Harvard will maintain normal endowment payouts this year.
Harvard will maintain normal endowment payouts this year. By Steve S. Li
By Ellen M. Burstein and Camille G. Caldera, Crimson Staff Writers

The Harvard Corporation — the University’s highest governing body — moved to maintain a typical endowment payout of around 5 percent for Fiscal Year 2021, Dean of the Faculty of Arts and Sciences Claudine Gay wrote in an email last week.

The decision reverses administrators' previous announcement that the endowment payout would be reduced by 2 percent to compensate for financial losses brought about by the coronavirus pandemic.

The decision was “based on the current performance of the capital markets” and an improved economic outlook for the University, Gay wrote.

“We are gaining a clearer understanding of the costs associated with the many elements of our fall plan, though we do not yet have final estimates,” she wrote. “We do know, however, that we will have more resources to put against those costs than we had initially anticipated.”

“This is good news, but we still will find ourselves operating in deficit and will need to continue carefully managing resources in the coming year,” Gay added.

University spokesperson Jason A. Newton confirmed Gay’s message, but declined to comment further.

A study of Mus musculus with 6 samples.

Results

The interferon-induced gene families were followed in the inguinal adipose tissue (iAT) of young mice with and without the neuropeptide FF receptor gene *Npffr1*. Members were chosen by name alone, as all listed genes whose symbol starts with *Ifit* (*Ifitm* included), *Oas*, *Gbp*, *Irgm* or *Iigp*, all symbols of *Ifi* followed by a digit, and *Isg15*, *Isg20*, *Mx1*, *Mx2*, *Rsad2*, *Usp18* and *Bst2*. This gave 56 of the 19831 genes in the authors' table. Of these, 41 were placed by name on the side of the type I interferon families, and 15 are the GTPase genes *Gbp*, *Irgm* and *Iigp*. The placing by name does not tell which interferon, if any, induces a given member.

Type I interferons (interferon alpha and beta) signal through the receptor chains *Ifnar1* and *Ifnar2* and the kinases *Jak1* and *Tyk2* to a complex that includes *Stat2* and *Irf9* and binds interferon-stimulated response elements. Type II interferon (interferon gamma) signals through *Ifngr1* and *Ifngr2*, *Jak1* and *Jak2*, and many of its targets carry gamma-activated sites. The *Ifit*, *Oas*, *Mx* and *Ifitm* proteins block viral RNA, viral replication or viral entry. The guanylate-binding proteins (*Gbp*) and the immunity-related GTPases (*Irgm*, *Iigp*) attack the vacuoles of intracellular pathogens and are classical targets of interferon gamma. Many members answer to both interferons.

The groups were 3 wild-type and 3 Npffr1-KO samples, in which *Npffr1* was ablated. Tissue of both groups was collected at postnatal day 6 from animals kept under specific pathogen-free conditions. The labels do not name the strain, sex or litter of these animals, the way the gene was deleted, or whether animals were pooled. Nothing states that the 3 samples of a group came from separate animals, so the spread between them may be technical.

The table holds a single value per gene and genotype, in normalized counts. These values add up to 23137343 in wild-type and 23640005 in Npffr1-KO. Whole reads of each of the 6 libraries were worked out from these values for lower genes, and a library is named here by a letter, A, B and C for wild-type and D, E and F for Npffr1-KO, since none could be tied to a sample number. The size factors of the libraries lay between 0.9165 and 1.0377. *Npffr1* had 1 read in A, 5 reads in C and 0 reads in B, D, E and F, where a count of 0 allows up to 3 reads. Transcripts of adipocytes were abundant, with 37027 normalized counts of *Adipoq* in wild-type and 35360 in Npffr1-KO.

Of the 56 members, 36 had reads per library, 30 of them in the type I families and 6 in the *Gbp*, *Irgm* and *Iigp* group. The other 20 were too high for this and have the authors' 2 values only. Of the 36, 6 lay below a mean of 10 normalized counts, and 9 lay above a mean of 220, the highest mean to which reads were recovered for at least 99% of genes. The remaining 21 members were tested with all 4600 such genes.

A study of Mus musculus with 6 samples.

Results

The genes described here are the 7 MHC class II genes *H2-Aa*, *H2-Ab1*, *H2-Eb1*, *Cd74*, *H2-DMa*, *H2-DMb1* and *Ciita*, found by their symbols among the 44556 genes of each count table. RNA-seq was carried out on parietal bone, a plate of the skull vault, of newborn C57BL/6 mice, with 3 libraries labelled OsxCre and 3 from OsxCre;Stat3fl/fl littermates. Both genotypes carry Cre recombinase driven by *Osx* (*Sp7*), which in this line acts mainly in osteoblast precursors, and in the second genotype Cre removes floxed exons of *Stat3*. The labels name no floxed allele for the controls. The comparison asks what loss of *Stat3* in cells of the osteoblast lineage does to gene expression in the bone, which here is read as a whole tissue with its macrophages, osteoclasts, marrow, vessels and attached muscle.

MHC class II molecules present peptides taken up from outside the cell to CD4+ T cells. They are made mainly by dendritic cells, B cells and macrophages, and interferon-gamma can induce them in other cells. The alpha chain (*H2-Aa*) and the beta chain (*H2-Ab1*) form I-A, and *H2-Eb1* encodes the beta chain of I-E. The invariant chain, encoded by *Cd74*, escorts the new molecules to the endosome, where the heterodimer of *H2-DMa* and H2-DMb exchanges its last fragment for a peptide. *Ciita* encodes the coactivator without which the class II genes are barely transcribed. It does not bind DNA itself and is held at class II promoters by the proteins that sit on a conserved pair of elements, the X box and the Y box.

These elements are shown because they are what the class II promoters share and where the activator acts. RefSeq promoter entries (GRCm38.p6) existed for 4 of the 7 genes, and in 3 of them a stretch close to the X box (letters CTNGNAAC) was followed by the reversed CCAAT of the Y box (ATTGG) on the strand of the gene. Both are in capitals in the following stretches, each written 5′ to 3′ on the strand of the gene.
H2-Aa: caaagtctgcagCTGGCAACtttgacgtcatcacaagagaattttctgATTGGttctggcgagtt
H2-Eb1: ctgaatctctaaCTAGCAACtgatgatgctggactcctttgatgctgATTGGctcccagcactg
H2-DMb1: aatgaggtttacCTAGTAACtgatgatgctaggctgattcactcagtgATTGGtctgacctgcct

The Corporation previously voted to make 3 percent of all restricted funds in the endowment and make them available for immediate use as part of a “special assessment.” Around 80 percent of the endowment — which is made up of over 13,000 individual funds — is typically restricted to a specific program, activity, or school by its donor.

Newton confirmed that the special assessment will remain in place for the coming fiscal year.

Around 75 percent of Harvard undergraduates will learn remotely during the coming semester, per Gay’s email.

Thomas D. Parker ’64 — a senior associate at the Institute for Higher Education Policy — wrote in an email that the change could be due to increased need from Harvard’s 12 degree-granting schools.

“In a universe that doesn't follow previous patterns, planning gets to be a bit difficult. It's no surprise then that financial policies would also be in flux,” Parker wrote. “I can only guess the Harvard specifics, but it's certainly possible that as income and spending projections came into sharper focus over the summer, it became apparent that the Schools needed more endowment draw to meet basic needs.”

—Staff writer Ellen M. Burstein can be reached at ellen.burstein@thecrimson.com. Follow her on Twitter @ellenburstein.

—Staff writer Camille G. Caldera can be reached at camille.caldera@thecrimson.com. Follow her on Twitter @camille_caldera.